A city councillor says he would be "floored" if a developer won its fight to demolish a heritage building on Roncesvalles, but is still prepared to oppose the project at every turn given the developer's doggedness in the face of multiple refusals by the city.
The city's Preservation Board has denied a request by Propeller Developments to demolish the 1914 heritage property at 421 Roncesvalles Ave. near Howard Park Avenue. The decision will go to the Toronto and East York Community Council on Wednesday and then on to full city council within the next few weeks.
Propeller Developments is also appealing the decision to the Ontario Municipal Board, where pre-hearings are scheduled for October.
Coun. Gord Perks said the city has already rejected the developer's proposals for the Dominion Bank branch twice, when the plans incorporated the building. The developer is now seeking to tear down the building entirely, though Perks said he has not seen what it is proposing to replace it with.
According to Perks, it's rare for a developer to continue fighting the city over its plans for a heritage building.
"I can't remember a time when a developer has come forward with a designated building and applied to demolish it entirely," Perks told CBC Toronto. "This is really beyond the pale, and it's been very frustrating for the community and for the city to deal with."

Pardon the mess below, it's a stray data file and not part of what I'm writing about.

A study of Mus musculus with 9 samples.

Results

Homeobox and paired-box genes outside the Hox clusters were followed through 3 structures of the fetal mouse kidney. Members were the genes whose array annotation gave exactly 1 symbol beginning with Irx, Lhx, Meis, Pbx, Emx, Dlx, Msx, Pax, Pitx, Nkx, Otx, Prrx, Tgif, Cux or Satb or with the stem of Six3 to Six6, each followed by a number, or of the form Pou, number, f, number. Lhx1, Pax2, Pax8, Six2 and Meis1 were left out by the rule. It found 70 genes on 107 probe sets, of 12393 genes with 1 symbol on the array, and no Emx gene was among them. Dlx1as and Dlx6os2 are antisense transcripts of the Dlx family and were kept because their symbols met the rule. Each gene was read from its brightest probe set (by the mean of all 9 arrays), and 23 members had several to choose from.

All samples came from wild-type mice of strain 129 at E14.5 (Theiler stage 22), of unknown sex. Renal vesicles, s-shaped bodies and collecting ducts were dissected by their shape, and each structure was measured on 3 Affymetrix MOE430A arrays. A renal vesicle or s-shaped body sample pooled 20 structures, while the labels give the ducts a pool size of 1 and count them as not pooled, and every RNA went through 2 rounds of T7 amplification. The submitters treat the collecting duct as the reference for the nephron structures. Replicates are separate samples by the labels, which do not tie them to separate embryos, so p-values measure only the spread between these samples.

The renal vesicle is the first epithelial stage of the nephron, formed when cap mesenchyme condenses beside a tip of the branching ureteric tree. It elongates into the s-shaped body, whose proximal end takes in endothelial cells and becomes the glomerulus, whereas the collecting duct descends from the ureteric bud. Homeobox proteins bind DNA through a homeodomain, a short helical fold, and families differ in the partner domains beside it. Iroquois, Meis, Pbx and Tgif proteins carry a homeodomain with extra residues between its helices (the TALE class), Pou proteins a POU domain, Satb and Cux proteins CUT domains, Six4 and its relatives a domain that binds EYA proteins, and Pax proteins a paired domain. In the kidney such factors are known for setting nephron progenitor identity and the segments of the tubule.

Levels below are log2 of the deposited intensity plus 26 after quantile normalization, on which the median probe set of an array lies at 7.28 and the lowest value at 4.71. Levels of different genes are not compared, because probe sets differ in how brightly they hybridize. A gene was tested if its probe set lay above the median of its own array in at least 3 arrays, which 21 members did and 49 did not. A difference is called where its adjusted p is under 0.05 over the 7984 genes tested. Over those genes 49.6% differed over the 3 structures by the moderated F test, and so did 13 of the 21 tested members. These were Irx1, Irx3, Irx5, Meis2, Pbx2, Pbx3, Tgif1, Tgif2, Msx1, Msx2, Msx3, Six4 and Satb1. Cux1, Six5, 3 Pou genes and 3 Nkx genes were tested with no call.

'Completely out of scale'
The initial application to develop the site triggered a review by the city's heritage department, according to Perks, and the building got its heritage designation in 2017. The building was designed by famed architect John M. Lyle, whose firm designed dozens of bank buildings across the city, as well as the Royal Alexandra Theatre. Lyle also collaborated on the design of Union Station.
Coun. Kristyn Wong-Tam sits on the city's Preservation Board. She called the building an "important anchor to the block.
"Any application to alter or even demolish the building would have to comply with the Heritage Act, as well as any other planning criteria that staff have put forward," she told CBC Toronto.
"Tearing down and demolishing an entire heritage building that sits in valuable context to the rest of the street is a non-starter."
She said there are a number of issues with the developer's proposal for the site, including height and density that are "just completely out of scale with the rest of the neighbourhood."
While the developer is within its rights to appeal, she said, a heritage designation is "very strong" and difficult to overturn.
"Because it's so profitable at the other end, [developers] do try," she said.
'I would be floored if they succeeded'
Neighbour Sophie Bedard lives across the street from the building, which she calls "beautiful."
She would be sorry to see it torn down.
"It would be really disappointing to see this replaced with anything else," she said.
Over the last few years, the city's planning department has been working with the community to change the planning rules for the Roncesvalles neighbourhood, designating it a "character street" much like Queen Street East in the Beach.
The city is finalizing the planning rules for the neighbourhood that would put limits on what could be built and where, particularly south of Howard Park, "so that neighbourhood feeling of a real village street is maintained," Perks said.
Not only is council opposed to the building's demolition, Perks said, but also members of the community. He said the developer is in for a "rude awakening" if it continues to push for this project.
"I would be floored if they succeeded with this. An appeal to demolish a heritage designated building entirely would be unheard of," Perks said. "But nevertheless, there is always some risk."